By John Hayward
How would you define “unemployment?” Statistics on unemployment are bandied around in the media all the time. Changes in these statistics are hailed as good or bad news for the President, with varying degrees of emphasis from the news networks, depending on which party the President belongs to. But what do these statistics truly measure?
Would you define “unemployment” as measuring “people who want a job, but can’t get one?” This is, broadly speaking, the definition embraced by the Bureau of Labor Statistics. The trick to making those numbers dance lies in measuring “people who want a job.” The widely reported U-3 unemployment metric, currently standing at 8.3 percent, is very aggressive in shaving off people who have not made recent efforts to find work. It is further distorted by massive “seasonal adjustments,” which made over a million people vanish into thin air last month.
This is why the official unemployment rate gets lower when the American workforce contracts. Workforce contraction is a very bad thing. People who simply cannot find work, and languish on unemployment insurance for years, are the last thing a prosperous country needs… but those people don’t count in the official unemployment rate. For example, if everyone under the age of 25 abruptly stopped looking for work, it would be an economic disaster, but the official unemployment rate would go down, because the pool of people looking for work would get smaller.
(That’s not quite as far-fetched an example as it might sound, incidentally. Even the heavily-massaged U-3 unemployment rate currently sits at 23.2 percent for ages 16-19, and 13.3 percent for ages 20-24… and it’s about two percent higher for young men. Policies that increase the cost of labor, such as minimum-wage increases and mandated benefits, have a particularly punishing effect on young entry-level workers, since their labor has less intrinsic value than experienced older employees.)
This is precisely what has been happening under Barack Obama. The workforce is contracting with horrible speed, but it has the beneficial side effect of making the official unemployment rate go down a little, although 8.3 percent is still pathetic. The Administration bounces happily before the cameras and announces its policies are “working,” and job creation is now “on the right track,” even as their best months post job creation only slightly in excess of population growth – and they’ve only had a few such months. Pundits begin wondering if the old political rules that say re-election is impossible with unemployment over 6 or 7 percent might not apply to this President, if he can campaign on a slowly declining unemployment rate.
Another side effect of the way our unemployment statistics are prepared, and reported, comes when America's employment picture is compared to the figures from other nations. Are the unemployment statistics reported from, say, Greece or Italy calculated in precisely the same manner as the American U-3 rate? If not, then how can we make valid comparisons between them?
Since the concept of people who aren’t looking for work is so fluid, and some of those people have clearly been persuaded not to look for work because of job-destroying government policies, it might be more logical to measure unemployment using the standard incorrectly offered by the Bureau of Labor Statistics for the U-3 rate: “total unemployed, as a percent of the civilian labor force.” That’s what the U-3 rate claims to measure, but it doesn’t, not by a long shot.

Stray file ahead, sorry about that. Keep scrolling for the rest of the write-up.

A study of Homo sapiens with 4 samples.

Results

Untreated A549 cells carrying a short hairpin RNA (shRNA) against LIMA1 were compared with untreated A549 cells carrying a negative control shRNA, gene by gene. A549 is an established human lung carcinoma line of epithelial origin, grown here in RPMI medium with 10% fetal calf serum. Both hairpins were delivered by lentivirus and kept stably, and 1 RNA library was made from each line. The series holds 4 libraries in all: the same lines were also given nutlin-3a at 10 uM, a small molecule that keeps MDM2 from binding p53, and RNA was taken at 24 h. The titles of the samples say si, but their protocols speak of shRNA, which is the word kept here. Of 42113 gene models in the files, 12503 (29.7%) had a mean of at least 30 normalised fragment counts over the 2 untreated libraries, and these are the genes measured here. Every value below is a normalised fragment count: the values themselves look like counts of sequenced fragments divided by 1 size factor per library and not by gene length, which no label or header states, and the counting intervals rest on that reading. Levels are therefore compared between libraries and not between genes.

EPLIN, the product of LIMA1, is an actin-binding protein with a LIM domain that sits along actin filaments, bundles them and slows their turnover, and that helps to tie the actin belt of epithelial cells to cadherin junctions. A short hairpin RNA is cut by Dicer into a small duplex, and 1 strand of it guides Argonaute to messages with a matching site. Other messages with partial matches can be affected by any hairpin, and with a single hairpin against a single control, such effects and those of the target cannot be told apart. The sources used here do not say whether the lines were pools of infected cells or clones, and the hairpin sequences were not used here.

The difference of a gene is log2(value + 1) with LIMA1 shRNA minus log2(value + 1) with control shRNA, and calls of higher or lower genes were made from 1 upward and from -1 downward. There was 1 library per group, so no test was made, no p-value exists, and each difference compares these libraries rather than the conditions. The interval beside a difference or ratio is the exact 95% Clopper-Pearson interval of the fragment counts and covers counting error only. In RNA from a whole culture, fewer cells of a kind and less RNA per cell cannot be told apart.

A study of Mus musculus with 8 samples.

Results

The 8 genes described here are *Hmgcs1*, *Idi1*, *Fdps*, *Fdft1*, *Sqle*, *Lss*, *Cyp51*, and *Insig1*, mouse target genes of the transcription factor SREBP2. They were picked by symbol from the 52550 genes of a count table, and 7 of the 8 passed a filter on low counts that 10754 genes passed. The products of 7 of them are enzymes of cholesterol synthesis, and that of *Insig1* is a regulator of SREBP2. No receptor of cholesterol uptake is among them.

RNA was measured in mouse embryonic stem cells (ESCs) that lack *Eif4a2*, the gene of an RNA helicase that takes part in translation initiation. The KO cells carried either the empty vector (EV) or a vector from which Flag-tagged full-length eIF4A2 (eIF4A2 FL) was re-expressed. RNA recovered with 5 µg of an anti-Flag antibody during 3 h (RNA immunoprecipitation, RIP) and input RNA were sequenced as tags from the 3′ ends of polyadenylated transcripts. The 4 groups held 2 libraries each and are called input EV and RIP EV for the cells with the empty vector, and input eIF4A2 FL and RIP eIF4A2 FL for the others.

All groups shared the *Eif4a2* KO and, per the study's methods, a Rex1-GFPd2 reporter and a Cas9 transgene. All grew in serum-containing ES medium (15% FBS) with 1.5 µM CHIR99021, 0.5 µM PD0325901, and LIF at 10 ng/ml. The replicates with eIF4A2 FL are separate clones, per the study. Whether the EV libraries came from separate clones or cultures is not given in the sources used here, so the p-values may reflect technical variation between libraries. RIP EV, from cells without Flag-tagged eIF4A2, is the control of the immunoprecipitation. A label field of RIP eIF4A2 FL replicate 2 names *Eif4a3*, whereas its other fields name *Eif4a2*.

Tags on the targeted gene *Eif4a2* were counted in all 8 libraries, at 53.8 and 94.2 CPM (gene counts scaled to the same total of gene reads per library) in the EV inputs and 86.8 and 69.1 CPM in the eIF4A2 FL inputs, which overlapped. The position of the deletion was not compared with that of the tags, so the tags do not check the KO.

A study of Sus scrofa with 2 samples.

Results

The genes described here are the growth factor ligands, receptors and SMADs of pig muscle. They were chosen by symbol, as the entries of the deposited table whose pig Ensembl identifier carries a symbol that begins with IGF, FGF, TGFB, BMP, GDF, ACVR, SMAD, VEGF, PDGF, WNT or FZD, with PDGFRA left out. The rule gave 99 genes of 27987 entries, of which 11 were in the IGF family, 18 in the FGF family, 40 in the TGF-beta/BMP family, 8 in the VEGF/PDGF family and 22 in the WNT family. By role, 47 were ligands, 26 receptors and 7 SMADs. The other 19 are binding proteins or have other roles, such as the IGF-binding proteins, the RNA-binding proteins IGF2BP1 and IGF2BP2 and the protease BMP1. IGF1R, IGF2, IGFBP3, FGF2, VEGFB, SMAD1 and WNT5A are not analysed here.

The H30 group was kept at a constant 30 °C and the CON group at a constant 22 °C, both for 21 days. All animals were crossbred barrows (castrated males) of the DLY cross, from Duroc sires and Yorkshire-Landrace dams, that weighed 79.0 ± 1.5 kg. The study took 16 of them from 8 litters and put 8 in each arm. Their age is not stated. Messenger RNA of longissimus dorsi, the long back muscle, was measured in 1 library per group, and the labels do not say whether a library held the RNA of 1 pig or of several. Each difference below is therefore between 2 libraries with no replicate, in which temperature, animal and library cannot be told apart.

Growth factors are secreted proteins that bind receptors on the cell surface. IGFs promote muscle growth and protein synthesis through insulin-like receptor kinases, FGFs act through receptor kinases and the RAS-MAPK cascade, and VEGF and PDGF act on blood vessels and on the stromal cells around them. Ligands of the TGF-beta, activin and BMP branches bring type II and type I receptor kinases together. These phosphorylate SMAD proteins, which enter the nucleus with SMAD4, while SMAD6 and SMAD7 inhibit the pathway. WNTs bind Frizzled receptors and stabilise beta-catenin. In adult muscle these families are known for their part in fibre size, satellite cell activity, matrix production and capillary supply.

What is the current percentage of working-age Americans, eligible to participate in the civilian labor force, but not currently working? Answer: 36.3 percent.
That’s the worst labor participation rate in three decades, and it’s part of the worst employment picture we’ve seen since the Great Depression. Labor force participation is the number we should really be looking at, even more than the unemployment figures cooked up on the monthly basis by the Bureau of Labor Statistics. Those figures have their uses as well, but it seems reasonable to measure the overall health of the economy by the number of people who simply are not participating in the labor force.
This would always be a much higher number than the BLS unemployment statistic, even when the economy was humming along at maximum power. There are always going to be working-age people who drop out of the labor force, for reasons that have nothing to do with the nation’s overall economic health. The labor force participation rate hasn’t exceeded 67 percent in the past decade, so we would be looking at a true “unemployment” number that bounces between roughly thirty and forty percent. The difference between good and bad percentages is relatively small, which makes the true “unemployment” figure less sexy for news coverage, and therefore less useful to politicians… but it’s more logical to measure small changes in a large, accurate number than big changes in a small, largely fantastic number.
Writing at Red State, Rep. Jim Jordan (R-OH), who chairs the House Subcommittee on Regulatory Affairs, Stimulus Oversight, and Government Spending, offers an eye-popping chart measuring the effect of President Obama’s “stimulus” policies on workforce participation:
Jordan writes in support of the Jobs Through Growth Act, a package of dramatic reforms that includes a flat tax with two low rates, reduced corporate taxes, regulatory relief, and increased domestic energy production. Those are the sort of changes America needs to make, if we want to do more than fiddle with imaginary unemployment numbers, whose very definition is subject to “adjustment” on a massive scale. Those who define “unemployment” as “the number of working-age Americans who aren’t working” should waste no time on small reforms.